Did You Know that Education in America Was Once Very Christian?
- Wednesday, June 26, 2013
Did you know that America’s education system was established by reading the Bible?
Education in America in 1690
The New England Primer was first published between 1688 and 1690 by English printer Benjamin Harris, who had come to Boston in 1686 to escape the brief Catholic ascendancy under James II. Based largely upon his earlier The Protestant Tutor, The New England Primer was the first reading primer designed for the American colonies. It became the most successful educational textbook published in the colonial and early days of United States history. It was used in what would be our first grade for two hundred years. While the selections in The New England Primer varied somewhat across time, there was standard content for beginning reading instruction. Each lesson had questions about the Bible and the Ten Commandments. In fact, most of the entire book taught Bible verses at the same time it taught students how to read.
The ninety-page work contained selections from the King James Bible as well as other original selections. It embodied the dominant Puritan attitude and worldview of the day. Among the topics discussed were respect for parental figures, sin, and salvation. Some versions contained the Westminster Shorter Catechism, others contained John Cotton’s shorter catechism, known as Milk for Babes, and some contained both. The primer remained in print well into the nineteenth century and was even used until the twentieth. A reported two million copies were sold in the 1700s. No copies of editions before 1727 are known to have survived; earlier editions are known only from publishers’ and booksellers’ advertisements.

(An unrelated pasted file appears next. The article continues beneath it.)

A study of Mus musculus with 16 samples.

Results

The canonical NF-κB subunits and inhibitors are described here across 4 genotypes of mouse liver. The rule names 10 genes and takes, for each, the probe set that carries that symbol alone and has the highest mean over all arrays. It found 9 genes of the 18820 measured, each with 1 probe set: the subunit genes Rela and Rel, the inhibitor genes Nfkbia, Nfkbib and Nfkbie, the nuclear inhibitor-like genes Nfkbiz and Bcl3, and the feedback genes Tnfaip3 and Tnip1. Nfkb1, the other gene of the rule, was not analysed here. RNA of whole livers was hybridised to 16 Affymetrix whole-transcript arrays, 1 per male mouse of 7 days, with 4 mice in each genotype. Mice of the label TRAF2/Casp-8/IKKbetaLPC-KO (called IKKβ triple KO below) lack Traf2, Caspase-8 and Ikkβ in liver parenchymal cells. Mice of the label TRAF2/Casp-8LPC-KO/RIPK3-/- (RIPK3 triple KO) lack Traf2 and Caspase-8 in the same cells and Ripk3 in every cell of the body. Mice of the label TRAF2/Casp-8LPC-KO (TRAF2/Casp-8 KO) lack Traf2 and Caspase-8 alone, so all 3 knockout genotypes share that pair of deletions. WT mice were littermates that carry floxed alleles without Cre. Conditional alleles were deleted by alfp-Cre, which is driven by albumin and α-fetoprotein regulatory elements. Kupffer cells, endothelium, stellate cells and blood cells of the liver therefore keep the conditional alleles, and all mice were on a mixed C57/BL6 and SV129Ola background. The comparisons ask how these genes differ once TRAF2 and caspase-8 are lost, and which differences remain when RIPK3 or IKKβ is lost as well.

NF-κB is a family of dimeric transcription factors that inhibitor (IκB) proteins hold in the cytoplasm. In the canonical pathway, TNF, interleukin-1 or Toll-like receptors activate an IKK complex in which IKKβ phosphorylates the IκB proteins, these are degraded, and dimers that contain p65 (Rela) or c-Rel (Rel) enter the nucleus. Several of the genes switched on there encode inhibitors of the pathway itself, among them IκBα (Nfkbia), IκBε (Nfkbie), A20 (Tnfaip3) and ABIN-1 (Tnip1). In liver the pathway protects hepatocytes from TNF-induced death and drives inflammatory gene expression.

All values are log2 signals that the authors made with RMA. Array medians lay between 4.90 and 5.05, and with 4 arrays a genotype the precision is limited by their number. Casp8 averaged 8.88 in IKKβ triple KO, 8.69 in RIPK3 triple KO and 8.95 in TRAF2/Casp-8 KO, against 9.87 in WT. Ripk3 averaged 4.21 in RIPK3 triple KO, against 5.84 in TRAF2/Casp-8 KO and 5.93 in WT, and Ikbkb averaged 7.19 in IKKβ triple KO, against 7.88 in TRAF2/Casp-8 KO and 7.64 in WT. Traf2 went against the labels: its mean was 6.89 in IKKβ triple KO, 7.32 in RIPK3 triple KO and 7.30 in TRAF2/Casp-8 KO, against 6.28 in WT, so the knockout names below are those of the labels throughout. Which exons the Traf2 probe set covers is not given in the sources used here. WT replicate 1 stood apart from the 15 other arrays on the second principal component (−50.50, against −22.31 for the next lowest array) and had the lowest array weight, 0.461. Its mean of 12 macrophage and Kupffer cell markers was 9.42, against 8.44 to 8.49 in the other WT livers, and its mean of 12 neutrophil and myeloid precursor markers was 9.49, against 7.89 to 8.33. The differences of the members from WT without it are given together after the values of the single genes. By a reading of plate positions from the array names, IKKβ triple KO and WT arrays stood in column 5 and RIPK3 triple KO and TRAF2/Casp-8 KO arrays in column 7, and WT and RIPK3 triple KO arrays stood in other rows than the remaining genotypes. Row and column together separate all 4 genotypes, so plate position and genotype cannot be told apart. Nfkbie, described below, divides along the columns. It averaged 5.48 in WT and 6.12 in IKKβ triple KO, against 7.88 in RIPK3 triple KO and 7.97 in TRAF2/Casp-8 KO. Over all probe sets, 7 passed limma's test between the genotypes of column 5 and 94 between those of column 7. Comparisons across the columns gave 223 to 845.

Supreme Court Challenge
Using Bible verses to teach English and morality in public schools was challenged in 1844. There were three different cases that upheld the use of the Bible for that specific use in public schools, one being a Supreme Court case of 1844, Vidal v. Gerard, where a Philadelphia school wanted to teach morals without using the Bible. The Court said, “Why may not the Bible, and especially the New Testament, without note or comment, be read and taught as a divine revelation in the college; its general precepts expounded, its evidences explained, and its glorious principles of morality inculcated?”
The court concluded that any book teaching good morality would certainly be teaching what the New Testament teaches, so why not use the original source that doesn’t change. Noah Webster, writing in the History of the United States (1832), stated, “The moral principles and precepts contained in the Scriptures ought to form the basis of all our civil constitutions and law....All the miseries and evils which man suffer from vice, crime, ambition, injustice, oppression, slavery, and war, proceed from their despising or neglecting the precepts contained in the Bible.”
Daniel Webster, in his July 4, 1800, Oration at Hanover, New Jersey: “To preserve the government we must also preserve morals. Morality rests on religion; if you destroy the foundation, the superstructure must fall. When the public mind becomes vitiated and corrupt, laws are a nullity and constitutions are waste paper.”
National Education Association (NEA)
The National Education Association (NEA) began in 1857 when forty-three educators from eight states and the District of Columbia attended the first meeting of the National Teachers Association (NTA). In 1870 the NTA changed its name to National Education Association (NEA) and merged with three smaller organizations.
The National Education Association is the largest professional organization and other support personnel, faculty and staffers at colleges and universities, retired educators, and college students preparing to become teachers. The NEA has 3.1 million members and is headquartered in Washington DC.